KEESLER AIR FORCE BASE, Miss. --
It’s not every day that teenagers get to witness how the Air Force uses science, technology, engineering and mathematics across its career fields. However, for the Airman here, it’s what they do every day.
Keesler Air Force Base hosted its 5th Annual STEM Diversity Day at the fuel cell hanger on March 29.
Approximately 250 students and educators from across eight high schools on the Gulf Coast experienced how the Air Force uses STEM to complete its missions.
“The schools had interest in STEM,” said Gerald Cross, the school liaison officer for Keesler Air Force Base. “Everything we do here at Keesler is surrounded by STEM, so we thought it would be a really good fit for us.”
The day began with the presentation of the colors by the honor guard and opening remarks by Col. Lance Burnett, 81st Training Wing vice commander. Afterward, the students broke into groups to explore the diverse STEM career fields offered in the Air Force.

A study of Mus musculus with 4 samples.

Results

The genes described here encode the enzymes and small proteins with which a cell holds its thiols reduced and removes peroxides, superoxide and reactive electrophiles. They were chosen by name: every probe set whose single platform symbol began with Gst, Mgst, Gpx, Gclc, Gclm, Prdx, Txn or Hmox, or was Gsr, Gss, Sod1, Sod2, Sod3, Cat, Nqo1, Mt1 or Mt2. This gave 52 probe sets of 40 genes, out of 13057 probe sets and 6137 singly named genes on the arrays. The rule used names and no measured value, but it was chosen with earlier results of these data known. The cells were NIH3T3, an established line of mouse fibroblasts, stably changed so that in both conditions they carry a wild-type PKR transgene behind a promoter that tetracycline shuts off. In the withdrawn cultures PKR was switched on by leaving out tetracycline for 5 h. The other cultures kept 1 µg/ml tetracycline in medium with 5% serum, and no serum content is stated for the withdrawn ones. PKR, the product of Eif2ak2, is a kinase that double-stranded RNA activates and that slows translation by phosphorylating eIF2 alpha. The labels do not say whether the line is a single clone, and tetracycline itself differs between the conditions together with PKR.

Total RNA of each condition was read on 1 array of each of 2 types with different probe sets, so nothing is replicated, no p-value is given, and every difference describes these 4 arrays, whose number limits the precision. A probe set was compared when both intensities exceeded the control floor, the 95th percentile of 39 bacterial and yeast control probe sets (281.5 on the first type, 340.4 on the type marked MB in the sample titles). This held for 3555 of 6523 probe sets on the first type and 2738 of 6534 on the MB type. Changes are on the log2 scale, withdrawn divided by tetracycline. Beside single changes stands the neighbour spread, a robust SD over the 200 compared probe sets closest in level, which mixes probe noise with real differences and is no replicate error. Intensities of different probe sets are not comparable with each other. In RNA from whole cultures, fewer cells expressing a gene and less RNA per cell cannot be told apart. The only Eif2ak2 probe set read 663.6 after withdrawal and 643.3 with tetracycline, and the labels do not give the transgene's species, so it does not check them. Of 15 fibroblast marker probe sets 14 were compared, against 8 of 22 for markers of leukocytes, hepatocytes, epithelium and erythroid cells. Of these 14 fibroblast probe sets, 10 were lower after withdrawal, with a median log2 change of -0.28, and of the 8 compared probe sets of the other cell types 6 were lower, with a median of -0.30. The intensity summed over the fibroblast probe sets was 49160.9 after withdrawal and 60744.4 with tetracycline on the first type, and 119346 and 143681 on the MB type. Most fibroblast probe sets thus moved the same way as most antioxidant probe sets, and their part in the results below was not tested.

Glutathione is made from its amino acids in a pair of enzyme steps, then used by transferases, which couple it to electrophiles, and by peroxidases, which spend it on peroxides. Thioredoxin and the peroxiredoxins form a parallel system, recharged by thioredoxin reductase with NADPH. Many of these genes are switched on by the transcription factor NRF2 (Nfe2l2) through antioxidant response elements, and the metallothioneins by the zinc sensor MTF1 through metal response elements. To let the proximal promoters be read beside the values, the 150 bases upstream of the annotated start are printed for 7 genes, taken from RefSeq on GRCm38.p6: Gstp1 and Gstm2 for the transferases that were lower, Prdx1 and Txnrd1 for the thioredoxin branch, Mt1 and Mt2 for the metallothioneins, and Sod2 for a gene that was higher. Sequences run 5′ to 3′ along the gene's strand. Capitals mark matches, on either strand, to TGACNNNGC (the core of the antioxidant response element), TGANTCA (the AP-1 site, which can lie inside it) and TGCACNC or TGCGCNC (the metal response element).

Students saw how the Office of Special Investigations uses scientific instruments to collect forensic data from a crime scene, got to practice life-saving medical procedures on a realistic medical simulator used to train the Airman at the Keesler Medical Center and saw how the 335th Training Squadron uses a TMQ-53 tactical meteorological overserving system to provide accurate weather forecasting in all operating locations.
Furthermore, the students were able to jump into virtual reality through HTC Vive virtual reality headsets, provided by the 81st Training Support Squadron and communicate with each other through several radios supplied by the 338th Training Squadron.
“My favorite booth was the one about hacking Wi-Fi and robot technologies,” said Tyree Jones-Magee, a sophomore from Harrison Central High School. “I’ve always been interested in technology, programming and coding so that really sparked my interest.”
The day concluded with a canine demonstration from the 81st Security Forces Squadron and a team building competition where the schools competed against each other in a test of speed, physical endurance and strength as well as mental problem solving.
Gautier High School edged out the other seven schools, finishing first overall, with D’lberville High School taking home second and Pascagoula High School finishing in third place.
Through STEM Diversity Day, students learned that science, technology, engineering, and mathematics are not just found in the classroom, but are vital to mission success every day in the Air Force.